Editor’s note: The following is part of Startland News’ ongoing coverage of the impact of Coronavirus (COVID-19) on Kansas City’s entrepreneur community, as well as how innovation is helping to drive a new normal in the ecosystem. Click here to follow related stories as they develop.
The new decade brought promise for Laura Manivong as an early stage entrepreneur, enjoying the rise of her company, Fattyhead Keto Crust.
2020 was poised to be a baking boon, with some of Kansas City’s most recognizable restaurants lined up, ready to spin pies atop the company’s signature product — a two-net-carb crust made from a blend of almond flour, cheeses, egg and herbs.
Then came the Coronavirus (COVID-19) pandemic and its crippling effects on the hospitality industry.
“March was madness,” the founder laughed, revealing a troubling data point for her startup: Fattyhead experienced a 90 percent drop in sales during a month where it had been expected to close a deal with food distribution giant Sysco.
“I just had to scramble to try to figure how to make some money,” Manivong said, noting a return to scrappier days where she met customers around town and sold her keto pizza crusts out of the trunk of her car in a QuikTrip parking lot.
“It was scary. I left my career in television [to become an entrepreneur] — I don’t ever want to go back to that,” she said. “I’m almost 53 — I will be in a week. I was waiting tables before that and I don’t have table waiting to go back to because the restaurants are closed.”
Click here to read more about the beginnings of Fattyhead Keto Crust, which recently celebrated its first year of business.
With her back against the wall, Manivong said there was no way she could throw in the towel. So, she topped her original startup idea — literally.
“I ended up deciding to make actual pizzas off of the Fattyhead [crusts], and offered those up to some restaurants and little shops around town. I’ve sold a couple hundred,” she said with an air of accomplishment, confident the pivot will be enough to keep the company on a stable path throughout the health crisis.
“I’ve got a whole new set of eyes on my brand — who never would have before — through these additional shops and restaurants and … I think I’m gonna make it.”
“[They are in] complete survival mode. Fight or flight. I mean, lay down and give up or get up and figure out how to survive,” she said of her friends and peers working to navigate the impact of rough economic times — especially Taps on Main, a rising star on the Kansas City bar scene.
“I’m constantly on social media [looking at what companies are doing],” she said. “In particular Taps on Main, which had closed down. They won best new bar last year! They had completely just closed.”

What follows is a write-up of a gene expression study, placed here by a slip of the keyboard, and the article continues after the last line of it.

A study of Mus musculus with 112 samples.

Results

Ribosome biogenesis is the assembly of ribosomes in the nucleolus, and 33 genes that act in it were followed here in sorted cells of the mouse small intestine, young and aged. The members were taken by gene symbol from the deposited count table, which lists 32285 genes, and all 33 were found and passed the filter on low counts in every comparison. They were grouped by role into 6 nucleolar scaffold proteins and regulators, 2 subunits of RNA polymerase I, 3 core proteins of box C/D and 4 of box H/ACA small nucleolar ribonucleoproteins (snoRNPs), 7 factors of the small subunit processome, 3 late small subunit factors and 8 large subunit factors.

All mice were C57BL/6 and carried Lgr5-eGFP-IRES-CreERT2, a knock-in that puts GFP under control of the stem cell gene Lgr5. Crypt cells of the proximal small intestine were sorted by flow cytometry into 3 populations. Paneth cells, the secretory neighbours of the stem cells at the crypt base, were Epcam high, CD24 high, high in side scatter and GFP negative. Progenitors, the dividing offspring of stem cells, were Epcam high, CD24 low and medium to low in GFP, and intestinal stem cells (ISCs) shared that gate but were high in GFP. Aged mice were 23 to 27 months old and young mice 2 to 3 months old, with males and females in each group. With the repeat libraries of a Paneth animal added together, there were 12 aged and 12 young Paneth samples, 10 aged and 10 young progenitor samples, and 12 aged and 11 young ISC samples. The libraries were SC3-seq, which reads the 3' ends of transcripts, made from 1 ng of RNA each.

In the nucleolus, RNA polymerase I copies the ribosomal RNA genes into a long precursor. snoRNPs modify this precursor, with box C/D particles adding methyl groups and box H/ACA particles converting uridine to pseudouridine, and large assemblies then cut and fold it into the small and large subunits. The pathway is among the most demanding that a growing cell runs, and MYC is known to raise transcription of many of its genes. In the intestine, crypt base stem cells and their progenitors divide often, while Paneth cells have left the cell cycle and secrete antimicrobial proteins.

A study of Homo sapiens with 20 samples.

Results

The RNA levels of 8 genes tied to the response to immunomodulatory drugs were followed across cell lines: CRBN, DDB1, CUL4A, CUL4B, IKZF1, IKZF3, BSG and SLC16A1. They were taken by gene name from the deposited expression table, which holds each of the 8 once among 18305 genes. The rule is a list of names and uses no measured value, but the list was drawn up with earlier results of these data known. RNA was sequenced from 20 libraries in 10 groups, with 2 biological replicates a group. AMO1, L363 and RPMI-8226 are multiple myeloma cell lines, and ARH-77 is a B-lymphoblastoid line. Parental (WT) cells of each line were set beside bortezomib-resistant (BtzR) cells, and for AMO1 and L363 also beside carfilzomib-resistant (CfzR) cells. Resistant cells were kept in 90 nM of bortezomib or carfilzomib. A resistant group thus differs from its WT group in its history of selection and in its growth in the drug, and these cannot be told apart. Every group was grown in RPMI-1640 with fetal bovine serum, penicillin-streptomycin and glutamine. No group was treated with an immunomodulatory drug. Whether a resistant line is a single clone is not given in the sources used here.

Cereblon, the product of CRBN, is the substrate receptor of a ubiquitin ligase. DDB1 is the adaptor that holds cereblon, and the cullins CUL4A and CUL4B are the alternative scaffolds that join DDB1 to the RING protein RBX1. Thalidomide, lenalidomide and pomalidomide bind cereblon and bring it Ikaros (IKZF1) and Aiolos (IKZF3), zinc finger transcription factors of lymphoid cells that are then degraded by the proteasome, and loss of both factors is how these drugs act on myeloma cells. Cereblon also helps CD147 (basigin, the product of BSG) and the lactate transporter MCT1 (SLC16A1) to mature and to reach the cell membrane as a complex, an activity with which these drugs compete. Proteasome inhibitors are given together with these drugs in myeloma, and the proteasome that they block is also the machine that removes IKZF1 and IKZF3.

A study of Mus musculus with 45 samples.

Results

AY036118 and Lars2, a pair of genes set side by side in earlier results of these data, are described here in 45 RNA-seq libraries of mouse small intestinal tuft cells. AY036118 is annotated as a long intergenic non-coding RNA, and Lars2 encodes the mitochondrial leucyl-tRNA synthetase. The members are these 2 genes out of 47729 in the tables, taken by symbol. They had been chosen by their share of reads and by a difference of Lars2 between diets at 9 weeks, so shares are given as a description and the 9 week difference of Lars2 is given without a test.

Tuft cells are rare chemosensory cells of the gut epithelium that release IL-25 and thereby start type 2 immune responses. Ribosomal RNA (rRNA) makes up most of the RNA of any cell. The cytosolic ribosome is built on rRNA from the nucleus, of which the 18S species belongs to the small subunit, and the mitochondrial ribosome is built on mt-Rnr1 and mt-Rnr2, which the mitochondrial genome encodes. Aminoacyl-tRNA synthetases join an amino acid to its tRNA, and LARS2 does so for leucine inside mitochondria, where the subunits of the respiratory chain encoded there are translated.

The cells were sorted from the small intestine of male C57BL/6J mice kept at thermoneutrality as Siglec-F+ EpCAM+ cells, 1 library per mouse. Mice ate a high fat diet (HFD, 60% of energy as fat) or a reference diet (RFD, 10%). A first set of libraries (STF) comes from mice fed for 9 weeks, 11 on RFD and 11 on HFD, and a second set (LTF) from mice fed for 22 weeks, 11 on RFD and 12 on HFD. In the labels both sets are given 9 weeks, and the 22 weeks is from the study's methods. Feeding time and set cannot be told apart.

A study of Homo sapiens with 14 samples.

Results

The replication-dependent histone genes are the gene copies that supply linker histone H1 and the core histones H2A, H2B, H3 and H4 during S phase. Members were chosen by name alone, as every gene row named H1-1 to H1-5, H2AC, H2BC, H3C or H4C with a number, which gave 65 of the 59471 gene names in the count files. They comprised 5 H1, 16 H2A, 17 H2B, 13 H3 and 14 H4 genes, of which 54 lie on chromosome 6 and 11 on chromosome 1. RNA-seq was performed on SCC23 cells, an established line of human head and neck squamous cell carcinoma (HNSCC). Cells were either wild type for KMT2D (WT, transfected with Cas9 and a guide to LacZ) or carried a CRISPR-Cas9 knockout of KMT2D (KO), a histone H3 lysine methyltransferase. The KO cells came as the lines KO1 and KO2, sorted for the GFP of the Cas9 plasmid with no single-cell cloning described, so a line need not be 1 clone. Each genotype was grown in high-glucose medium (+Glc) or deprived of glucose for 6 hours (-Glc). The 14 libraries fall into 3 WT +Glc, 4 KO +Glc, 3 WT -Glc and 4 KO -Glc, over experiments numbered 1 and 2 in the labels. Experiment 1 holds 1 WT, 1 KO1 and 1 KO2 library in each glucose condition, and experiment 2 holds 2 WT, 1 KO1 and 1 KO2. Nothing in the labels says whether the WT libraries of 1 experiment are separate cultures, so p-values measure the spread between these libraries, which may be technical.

Baffled by the sudden turn, Manivong reached out — inspired by an article she’d read about the bar and grill’s owners, brothers Grant, Marc, and Jason Tower.
“It was really heartfelt and very difficult to read about how this brand was failing after it had such a great start,” she recalled, adding she later read the brothers planned to open their doors on Saturdays, selling only buffalo wings and beer.
“[They were doing this] as a way to barely make an income. … Their wings are on the keto menu and so I’m like, ‘Well, you know what, I’m going to offer them these pizza’s and see if they want to try it,’” she said.
The brothers took Manivong up on her offer and bought 10 pizzas.
“They sold out by about 3 o’clock that afternoon, contacted me and said, ‘Do you have any more?’ I’m like, ‘No,’” she laughed, noting delays in production with her kitchen, housed at the Ennovation Center in Independence, which — in the days of COVID-19 — prevents her from working weekends or after 5:30 p.m. on weekdays.
“These Saturdays were a good success story for them, so they announced that they were going to go ahead and reopen for carry out seven days a week and they’re carrying my pizzas on their menu for the curbside,” Manivong said
Fattyhead is also available at Old Shawnee Pizza locations and dozens of other restaurants and grocery stores. Click here for a full list.
Such a win is a sign of something bigger than sales for Fattyhead or for Taps on Main, she said, noting it symbolizes a community of Kansas City entrepreneurs, willing to help each other stay afloat.
“I am telling you what, William Walker with Old Shawnee Pizza has been just an extraordinary example of the kind of entrepreneur I want to be,” Manivong said of Walker, who supported Fattyhead with orders early in its journey.
“He’s got two restaurants and he is constantly coming up with new incentives for people to come into his restaurant and he’s constantly sharing everybody else’s offers — even his own competitors,” she said. “So that guy is just the beacon of the type of community food service person I want to be.”
Kindness and collaboration aren’t the only takeaways the pandemic has baked in the mind of the budding entrepreneur. It’s given her a fresh perspective on what leadership looks like, Manivong said.
“This has taught me to slow down a little bit because I was pushing so fast and so hard for wider distribution and I was in a constant state of anxiety,” she said.
“I’m realizing now there’s no reason I can’t take a step back and serve my own community with these pizzas,” she said. “We can truck along just fine and I can pace this out better. I don’t have to go a million miles an hour like I was trying to do before.”
This story is possible thanks to support from the Ewing Marion Kauffman Foundation, a private, nonpartisan foundation that works together with communities in education and entrepreneurship to create uncommon solutions and empower people to shape their futures and be successful.